Shock at announcement to merge Meridian West and Central South operations
Journalists have reacted with shock and anger to ITV News Group’s plan to axe up to 40 jobs in the south of England as part of its restructuring of regional news programmes.
- July 12, 2018
- July 11, 2018
- July 5, 2018
This week ITV announced structural changes to regional news programmes across the country, which will result in Meridian West and much of Central South merging to form a new region, Thames Valley. The changes will mean 40 jobs in editorial and production areas will be lost.
Paul McLaughlin, NUJ broadcasting organiser, said: “They’ve announced these changes with no prior consultation with staff or unions. Obviously people are shocked and angry at both the decision and the manner in which it has been presented.
“ITV’s press release heralds this as an enhancement of ITV regional news, which bears no relation to the fact that you cannot cut 40 or 50 jobs out of the service and expect it to be as good.” The changes are part of a review of ITV’s regional news services in England and Wales to “prioritise the regional flagship programmes and ensure ITV broadcasts to identifiable regions”.
In addition to the creation of the Thames Valley region, ITV West’s Gloucester bureau will transfer from ITV Central to ITV West and will continue to provide news to local viewers in the Gloucester area.
While there are cutbacks in the south, ITV is investing in Yorkshire where the Calendar news programme is expanding into two editions: one will serve viewers in the North and West of the county and the other will serve Sheffield and South Yorkshire.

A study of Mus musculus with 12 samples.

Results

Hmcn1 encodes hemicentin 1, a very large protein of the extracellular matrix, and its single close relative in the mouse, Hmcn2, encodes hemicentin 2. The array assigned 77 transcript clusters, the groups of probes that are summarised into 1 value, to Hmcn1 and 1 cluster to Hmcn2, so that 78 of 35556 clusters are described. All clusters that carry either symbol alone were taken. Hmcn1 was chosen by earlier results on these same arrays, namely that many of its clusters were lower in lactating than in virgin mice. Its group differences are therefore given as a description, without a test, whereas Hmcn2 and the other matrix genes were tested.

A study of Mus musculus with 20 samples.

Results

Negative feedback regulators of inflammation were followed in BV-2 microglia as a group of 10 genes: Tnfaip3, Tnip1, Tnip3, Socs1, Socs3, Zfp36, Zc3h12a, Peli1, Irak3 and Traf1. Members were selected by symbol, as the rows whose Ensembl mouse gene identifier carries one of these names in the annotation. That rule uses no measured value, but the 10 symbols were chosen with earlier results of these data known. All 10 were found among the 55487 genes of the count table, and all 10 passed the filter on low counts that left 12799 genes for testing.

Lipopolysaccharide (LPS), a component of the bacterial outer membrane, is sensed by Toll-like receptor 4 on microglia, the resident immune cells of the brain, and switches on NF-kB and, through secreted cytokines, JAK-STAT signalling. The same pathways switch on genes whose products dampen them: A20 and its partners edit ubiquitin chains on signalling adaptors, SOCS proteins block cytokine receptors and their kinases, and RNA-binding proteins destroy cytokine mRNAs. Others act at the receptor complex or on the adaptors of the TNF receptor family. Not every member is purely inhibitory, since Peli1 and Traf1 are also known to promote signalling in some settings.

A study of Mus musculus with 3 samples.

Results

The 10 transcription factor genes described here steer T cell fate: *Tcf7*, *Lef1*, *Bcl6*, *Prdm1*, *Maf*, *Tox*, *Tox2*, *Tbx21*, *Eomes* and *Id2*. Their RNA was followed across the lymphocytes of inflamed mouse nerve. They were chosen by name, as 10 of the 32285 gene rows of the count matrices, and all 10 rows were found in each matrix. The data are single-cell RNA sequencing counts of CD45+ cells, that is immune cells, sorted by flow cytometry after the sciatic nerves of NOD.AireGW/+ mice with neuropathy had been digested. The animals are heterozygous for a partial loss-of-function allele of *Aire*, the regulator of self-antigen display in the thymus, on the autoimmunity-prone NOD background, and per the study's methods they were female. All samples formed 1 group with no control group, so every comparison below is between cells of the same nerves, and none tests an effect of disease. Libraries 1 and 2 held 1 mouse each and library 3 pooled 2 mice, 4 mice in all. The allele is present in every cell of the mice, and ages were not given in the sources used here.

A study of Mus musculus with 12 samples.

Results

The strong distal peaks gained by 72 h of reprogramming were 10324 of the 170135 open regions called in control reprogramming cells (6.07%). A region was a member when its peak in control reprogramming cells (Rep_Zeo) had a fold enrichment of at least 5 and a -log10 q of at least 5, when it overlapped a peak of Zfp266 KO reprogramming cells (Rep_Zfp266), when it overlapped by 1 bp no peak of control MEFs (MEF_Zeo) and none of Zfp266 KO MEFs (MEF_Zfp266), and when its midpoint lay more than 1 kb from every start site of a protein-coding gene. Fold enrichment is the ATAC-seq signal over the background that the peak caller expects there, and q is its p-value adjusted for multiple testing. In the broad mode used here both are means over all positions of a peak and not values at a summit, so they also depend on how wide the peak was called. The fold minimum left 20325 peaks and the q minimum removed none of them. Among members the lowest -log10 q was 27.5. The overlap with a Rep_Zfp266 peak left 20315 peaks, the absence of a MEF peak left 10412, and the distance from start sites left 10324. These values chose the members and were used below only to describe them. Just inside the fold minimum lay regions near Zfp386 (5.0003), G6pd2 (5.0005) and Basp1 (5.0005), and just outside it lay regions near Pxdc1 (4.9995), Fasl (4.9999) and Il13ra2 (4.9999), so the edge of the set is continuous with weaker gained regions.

According to ITV, the two programmes will be backed by a significant
investment in a new studio and newsgathering technology.
The Tyne Tees region will also gain separate flagship programmes for the North and South. Each will have dedicated presenters, its own studio, satellite truck and newsgathering team.
However, the NUJ, which planned to call a meeting on Tuesday, was critical of ITV’s plan to feature more pan-regional news bulletins during the week.
McLaughlin said: “At a time when the BBC is going more local, ITV is going in the opposite direction. They have an obligation not just to their viewers, but a public service obligation.
Part of the democratic function is that we need to have several voices rather than just one voice.” ITV was adamant, however, that the restructuring would improve the services to viewers across the country.
It stressed that the Thames Valley region was one of the smallest in the country and the two news centres were only 21 miles apart and as such the changes aimed to deliver a more coherent service to viewers in that region.
An ITV spokesperson said: “If you look at what we’re doing in Tyne Tees and Yorkshire we’re creating new services and going more intra-regional.
“In Yorkshire we are having two services where there was one, and the same in Tyne Tees as well. That in part explains the increase from 16 to 17 programmes in regional news.
“We have a strong legacy of providing high-quality regional programming and this is about making sure that the system works and is coherent and that viewers are watching the news that is most relevant to them. It is based on what we feel viewers want.”